1988 Buick Century Not getting spark after replacing igniti

Tiny
NOGARD666
  • MEMBER
  • 1988 BUICK CENTURY
  • 6 CYL
  • FWD
  • AUTOMATIC
  • 160,000 MILES
I have a 1988 Buick Century Estate Wagon 3.8l V6 engine. I have replaced the Spark Plugs, Plug Wires, Ignition Control Module, all three Coil Packs, and the Crank Position Sensor and it is still not getting spark (was tested at the coils to rule out bad wires/plugs).

Just to be sure I had the new Ignition Control Module tested before installing and it tested as good. I am now at a loss as to what to check next.

4 Replies

Tiny
JDL
  • EXPERT
Welcome to the forum, any trouble-codes? There are two voltage sources going to the ignition module, both pink wire with black tracer, terminal P and M. Should go hot when you turn on the key, are they hot? Also, without rpm signal, the ignition module doesn't know what to do, nor the pcm. That signal comes from the crank sensor, I'm not saying the new sensor is faulty, could be a wiring circuit problem.
Tiny
NOGARD666
  • MEMBER
The diagnostic port on the car is not working. We have tried two different readers and get nothing from it.

As to the wiring on the new sensor, the O'Reilly site does suggest replacing the pigtail at the same time if the old one looks damaged. I inspected the old one as far back as I could and could not see any damage.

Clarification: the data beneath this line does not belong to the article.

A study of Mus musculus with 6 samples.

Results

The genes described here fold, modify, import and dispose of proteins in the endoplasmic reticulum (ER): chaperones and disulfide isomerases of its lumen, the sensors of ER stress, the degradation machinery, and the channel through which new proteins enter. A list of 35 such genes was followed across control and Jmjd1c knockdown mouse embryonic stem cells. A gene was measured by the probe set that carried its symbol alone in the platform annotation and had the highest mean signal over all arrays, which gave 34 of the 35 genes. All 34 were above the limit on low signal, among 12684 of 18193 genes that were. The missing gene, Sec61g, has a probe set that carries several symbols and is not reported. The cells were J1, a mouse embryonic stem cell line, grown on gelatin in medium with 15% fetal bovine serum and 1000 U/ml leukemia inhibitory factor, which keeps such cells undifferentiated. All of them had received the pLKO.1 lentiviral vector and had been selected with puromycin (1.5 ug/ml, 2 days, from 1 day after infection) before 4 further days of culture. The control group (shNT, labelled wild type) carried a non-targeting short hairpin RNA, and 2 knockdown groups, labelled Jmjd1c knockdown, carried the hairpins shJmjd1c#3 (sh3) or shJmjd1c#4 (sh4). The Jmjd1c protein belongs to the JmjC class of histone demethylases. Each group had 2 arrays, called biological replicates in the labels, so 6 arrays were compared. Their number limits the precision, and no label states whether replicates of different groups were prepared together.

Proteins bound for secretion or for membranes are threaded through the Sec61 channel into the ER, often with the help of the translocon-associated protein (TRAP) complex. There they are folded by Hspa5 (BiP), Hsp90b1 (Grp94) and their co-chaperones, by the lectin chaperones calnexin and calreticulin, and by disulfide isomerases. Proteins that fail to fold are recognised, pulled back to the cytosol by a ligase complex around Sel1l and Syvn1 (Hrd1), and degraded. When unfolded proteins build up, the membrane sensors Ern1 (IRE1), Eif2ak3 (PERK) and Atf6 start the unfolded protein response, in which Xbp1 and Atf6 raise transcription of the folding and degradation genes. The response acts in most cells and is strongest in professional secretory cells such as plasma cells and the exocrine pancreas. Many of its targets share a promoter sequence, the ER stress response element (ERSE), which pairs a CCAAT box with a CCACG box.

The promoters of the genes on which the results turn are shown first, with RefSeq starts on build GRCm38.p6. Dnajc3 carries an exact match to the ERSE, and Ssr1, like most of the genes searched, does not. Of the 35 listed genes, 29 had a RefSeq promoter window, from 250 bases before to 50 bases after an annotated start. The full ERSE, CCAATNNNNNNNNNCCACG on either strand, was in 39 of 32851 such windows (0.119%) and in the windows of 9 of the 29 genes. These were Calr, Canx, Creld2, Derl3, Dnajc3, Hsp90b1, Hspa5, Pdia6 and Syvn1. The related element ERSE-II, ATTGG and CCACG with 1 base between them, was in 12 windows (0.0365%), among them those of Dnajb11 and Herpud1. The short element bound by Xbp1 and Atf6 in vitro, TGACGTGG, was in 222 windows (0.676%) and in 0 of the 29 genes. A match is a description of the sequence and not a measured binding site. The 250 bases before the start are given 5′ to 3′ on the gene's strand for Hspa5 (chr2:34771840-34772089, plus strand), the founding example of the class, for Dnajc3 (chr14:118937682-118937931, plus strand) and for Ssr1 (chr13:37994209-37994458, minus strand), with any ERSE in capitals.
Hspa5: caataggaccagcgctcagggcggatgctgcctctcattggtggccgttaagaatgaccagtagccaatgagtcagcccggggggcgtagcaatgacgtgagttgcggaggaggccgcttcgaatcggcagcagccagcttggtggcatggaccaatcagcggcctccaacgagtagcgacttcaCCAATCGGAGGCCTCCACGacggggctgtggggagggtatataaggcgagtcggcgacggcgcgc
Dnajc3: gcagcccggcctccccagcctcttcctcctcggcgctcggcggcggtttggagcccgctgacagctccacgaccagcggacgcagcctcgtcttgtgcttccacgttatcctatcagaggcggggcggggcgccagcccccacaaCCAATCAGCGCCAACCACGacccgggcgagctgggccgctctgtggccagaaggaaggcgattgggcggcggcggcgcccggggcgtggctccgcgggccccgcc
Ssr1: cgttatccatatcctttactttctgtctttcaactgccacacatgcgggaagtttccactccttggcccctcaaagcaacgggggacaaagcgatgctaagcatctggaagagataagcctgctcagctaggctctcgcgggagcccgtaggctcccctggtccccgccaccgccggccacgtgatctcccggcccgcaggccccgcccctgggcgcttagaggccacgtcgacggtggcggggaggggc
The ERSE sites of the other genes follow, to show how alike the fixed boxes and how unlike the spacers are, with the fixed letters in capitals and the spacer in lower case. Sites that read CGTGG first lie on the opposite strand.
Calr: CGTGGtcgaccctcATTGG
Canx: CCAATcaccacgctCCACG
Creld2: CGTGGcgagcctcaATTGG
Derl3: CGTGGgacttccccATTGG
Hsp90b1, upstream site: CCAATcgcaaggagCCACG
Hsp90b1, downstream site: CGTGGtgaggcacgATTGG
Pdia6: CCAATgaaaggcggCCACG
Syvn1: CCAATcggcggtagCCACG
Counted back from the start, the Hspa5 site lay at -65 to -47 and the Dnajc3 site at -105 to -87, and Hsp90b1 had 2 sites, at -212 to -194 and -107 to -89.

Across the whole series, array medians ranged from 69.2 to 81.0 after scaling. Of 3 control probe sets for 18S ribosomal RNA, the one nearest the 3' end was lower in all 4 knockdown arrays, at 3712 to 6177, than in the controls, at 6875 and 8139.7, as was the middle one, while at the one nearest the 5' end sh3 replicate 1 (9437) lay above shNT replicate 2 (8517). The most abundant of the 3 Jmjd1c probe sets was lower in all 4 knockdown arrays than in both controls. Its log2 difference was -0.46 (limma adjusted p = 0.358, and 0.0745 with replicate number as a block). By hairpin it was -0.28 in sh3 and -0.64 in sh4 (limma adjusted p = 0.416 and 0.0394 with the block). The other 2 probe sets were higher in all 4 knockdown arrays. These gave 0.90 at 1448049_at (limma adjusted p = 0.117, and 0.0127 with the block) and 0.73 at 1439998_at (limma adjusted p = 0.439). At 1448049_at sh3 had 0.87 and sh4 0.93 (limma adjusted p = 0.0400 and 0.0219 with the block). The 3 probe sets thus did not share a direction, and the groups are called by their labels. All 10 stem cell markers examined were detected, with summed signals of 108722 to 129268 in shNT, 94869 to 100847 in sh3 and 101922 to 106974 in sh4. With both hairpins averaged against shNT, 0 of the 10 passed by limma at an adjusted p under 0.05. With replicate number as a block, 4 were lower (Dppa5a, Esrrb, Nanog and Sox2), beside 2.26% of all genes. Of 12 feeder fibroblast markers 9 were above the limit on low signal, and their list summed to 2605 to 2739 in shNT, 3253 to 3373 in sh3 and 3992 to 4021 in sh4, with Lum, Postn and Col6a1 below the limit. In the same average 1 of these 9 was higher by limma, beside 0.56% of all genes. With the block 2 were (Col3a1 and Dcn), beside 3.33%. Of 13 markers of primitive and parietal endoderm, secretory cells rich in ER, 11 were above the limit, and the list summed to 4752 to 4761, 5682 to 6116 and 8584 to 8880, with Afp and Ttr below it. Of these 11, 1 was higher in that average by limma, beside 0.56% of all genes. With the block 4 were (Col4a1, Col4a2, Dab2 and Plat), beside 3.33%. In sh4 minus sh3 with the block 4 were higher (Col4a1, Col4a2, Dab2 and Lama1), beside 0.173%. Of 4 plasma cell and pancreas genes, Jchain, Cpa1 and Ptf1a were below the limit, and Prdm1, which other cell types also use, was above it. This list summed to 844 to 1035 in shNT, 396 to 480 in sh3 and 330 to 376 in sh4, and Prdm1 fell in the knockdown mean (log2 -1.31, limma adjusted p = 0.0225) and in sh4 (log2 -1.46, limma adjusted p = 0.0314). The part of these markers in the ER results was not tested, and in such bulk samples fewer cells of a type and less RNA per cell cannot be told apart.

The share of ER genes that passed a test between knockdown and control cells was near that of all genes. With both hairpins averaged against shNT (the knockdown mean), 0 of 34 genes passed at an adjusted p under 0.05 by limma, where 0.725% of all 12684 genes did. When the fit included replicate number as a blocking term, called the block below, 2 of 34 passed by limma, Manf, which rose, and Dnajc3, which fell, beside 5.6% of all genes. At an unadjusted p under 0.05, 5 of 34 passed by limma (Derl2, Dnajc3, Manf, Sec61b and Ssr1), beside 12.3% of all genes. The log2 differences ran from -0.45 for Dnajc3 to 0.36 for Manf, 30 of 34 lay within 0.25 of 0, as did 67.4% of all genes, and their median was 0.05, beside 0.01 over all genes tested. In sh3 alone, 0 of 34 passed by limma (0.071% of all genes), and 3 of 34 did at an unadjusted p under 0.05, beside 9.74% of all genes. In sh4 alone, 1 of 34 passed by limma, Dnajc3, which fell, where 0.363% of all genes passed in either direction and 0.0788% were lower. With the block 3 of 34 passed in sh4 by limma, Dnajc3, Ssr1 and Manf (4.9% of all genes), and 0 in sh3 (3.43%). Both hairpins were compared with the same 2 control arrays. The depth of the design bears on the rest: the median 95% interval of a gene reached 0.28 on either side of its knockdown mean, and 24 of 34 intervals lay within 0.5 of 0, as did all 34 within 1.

We tried to check the codes after I placed this post and since then I have spoken to the service department of the local Buick dealer. They suggested that if we can not see any obvious problems with the wiring to check the wiring to the ignition control module. They said two wires should be getting between 5 and 6 volts (5.5 is nominal) and if neither are getting power that it is most like the power control module (computer). They also said that for that year of Buick that around 150,000 miles the computers do tend to go out, though they could have simply been telling me that to get me to buy their new one for $151 before labor and taxes (the O'Reilly one is around $80).
Tiny
JDL
  • EXPERT
Hi, with bypass ignition, the ignition module controls spark during cranking, not the pcm. The two wires I suggested you check are fuse protected, battery voltage, use a testlite.

Above a certain rpm, the computer takes over the spark timing. Above a certain rpm, the computer sends 5 volt signal on the bypass circuit, tan wire with black tracer. That signal tells the ignition module to use the signal on the white wire for spark timing.
Tiny
NOGARD666
  • MEMBER
Thank you very much for your help.

We tried a third diagnostic reader and some how it worked (all 3 readers we tried were the proper OBD1) and the codes it gave us were 12 (normal always gives), 24, 41, and 44. The 24 code is the first O2 sensor, and either the 41 or 44 is the lower O2 sensor, leaving the last one which said the most common issue was the cam sensor, then gave like 5 other problems, so after destroying the old crank sensor to force it out and nearly breaking the new one to press it in the car fired right up first turn over.